US midterm elections: Obama's twilight zone

Political polarisation is making America ungovernable  – and the midterm elections will only make it worse


Even if the Democrats manage, just, to hang on in the midterm Senate elections today, life is going to be difficult for Barack Obama in the twilight of his presidency.

If the Republicans do snatch control of the Senate, adding it to their dominance of the lower House of Representatives – and maybe extending their House majority to its largest since 1928 – then Mr Obama will be less of a lame duck than a dead duck president, at least on his domestic agenda. The Republicans will exercise a stranglehold over the legislative machine and the federal budget. “No you can’t” will be the constant refrain from Congress to the 44th president.

This is bad news. The US economy, growing at a respectable clip with plenty of new jobs, cannot be judged safely out of danger. As the Federal Reserve’s unprecedented programme of pumping money into the economy tails off, it remains to be seen whether American business can sustain growth under its own steam. If further federal stimulus is required, it is unlikely to materialise for as long as the Republicans maintain their adamantine devotion to balanced budgets, something of a hypocrisy given that party’s last few presidents: it was, after all, Bill Clinton who last balanced the books, and Ronald Reagan and George W Bush who blew the budget. On the environment, EU-US trade and any social reforms the President might care to promote, the road will be blocked.

The progressive reforms Mr Obama has managed to put on the statute book, notably healthcare, will be his last, and the Republicans will try to erode them. The President is paying a heavy price for his dismal approval ratings and – even more sadly, considering the galvanising effect this community politician had in 2008 – failing to get his vote out, especially among minority groups.

The rest of the world looks on with trepidation. US presidents at the end of their second term have traditionally turned overseas to do some good. Both Mr Clinton and Mr Bush tried for peace in the Middle East, while Reagan had one last push against the Iron Curtain. President Obama will be less lucky than those guys, in that the rise of Isis and the constant threat of instability in North Korea will be setting the agenda for him.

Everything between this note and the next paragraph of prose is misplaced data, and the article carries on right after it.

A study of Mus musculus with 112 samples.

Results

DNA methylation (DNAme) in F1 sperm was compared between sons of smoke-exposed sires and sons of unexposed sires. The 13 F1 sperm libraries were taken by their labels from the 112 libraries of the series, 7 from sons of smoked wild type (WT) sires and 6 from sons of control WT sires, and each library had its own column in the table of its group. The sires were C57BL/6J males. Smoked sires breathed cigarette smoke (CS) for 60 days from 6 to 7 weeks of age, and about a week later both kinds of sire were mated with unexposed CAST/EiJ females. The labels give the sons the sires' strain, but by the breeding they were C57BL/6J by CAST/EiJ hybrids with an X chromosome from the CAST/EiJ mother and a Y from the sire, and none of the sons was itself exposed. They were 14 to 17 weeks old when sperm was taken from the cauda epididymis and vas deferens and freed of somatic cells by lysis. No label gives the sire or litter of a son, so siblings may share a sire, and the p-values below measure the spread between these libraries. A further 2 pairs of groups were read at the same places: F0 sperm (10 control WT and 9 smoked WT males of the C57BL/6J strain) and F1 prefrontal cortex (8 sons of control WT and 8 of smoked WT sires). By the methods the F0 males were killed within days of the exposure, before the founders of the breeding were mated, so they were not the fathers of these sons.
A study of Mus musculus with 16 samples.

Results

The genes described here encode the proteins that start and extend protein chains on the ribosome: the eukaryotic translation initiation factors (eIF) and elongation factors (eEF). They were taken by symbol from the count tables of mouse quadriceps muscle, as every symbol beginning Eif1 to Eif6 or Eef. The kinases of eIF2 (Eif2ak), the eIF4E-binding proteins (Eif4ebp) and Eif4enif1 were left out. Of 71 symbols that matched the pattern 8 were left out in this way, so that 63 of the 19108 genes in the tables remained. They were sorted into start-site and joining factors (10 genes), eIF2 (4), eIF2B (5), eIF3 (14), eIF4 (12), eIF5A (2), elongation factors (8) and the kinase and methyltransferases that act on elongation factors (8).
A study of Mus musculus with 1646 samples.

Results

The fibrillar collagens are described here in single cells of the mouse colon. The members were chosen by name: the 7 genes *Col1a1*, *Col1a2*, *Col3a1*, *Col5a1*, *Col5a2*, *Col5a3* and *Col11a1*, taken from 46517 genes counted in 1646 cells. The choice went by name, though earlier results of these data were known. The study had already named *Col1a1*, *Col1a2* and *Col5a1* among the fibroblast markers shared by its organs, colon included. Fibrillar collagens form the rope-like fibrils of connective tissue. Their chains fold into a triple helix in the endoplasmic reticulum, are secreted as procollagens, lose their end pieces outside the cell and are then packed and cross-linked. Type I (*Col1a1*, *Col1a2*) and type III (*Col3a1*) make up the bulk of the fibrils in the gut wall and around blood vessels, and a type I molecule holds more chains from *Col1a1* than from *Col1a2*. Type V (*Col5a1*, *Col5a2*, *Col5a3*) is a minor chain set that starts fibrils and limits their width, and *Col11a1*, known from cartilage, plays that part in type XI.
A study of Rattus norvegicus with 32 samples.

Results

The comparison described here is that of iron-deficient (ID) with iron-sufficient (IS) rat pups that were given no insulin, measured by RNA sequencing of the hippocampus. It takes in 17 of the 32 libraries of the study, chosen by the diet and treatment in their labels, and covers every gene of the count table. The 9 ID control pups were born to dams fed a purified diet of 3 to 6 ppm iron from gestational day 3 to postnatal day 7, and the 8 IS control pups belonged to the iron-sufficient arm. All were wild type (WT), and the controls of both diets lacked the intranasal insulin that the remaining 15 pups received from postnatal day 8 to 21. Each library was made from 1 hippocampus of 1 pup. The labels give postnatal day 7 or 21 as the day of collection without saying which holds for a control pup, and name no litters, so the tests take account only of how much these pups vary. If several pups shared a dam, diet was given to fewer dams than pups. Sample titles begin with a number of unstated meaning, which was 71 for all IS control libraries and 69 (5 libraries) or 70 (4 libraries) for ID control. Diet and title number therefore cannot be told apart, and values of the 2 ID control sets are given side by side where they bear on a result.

The withdrawal of troops from Afghanistan and Iraq should have allowed the US to regenerate its diplomacy. As it is, Isis will push Mr Obama continually towards military solutions, and his weak base in the country means that his arguments carry less weight in any case. The nakedly pro-Republican campaigning by Benjamin Netanyahu tells us all we need to know about the chance of Mr Obama being able to carry Israel in any negotiations with the Palestinians. That, in turn, makes for a more volatile and dangerous world for everyone else.

And yet it was not always thus. US presidents have often had to face a Congress of a different complexion, and the rhetoric between them has often been fiery enough. But there was much more of a statesmanlike willingness to place nation before party in decades past: Harry Truman or Dwight Eisenhower would not recognise what passes for the Congressional leadership of the two old parties today, the Republicans especially stubborn, dominated by Tea Party fundamentalism that sees the closure of the federal government as a price worth paying for its ideological purity.

Whether the voters will be impressed enough by this to opt for a Republican for the White House in 2016 is another question. Mr Obama will be well out of it, in all senses.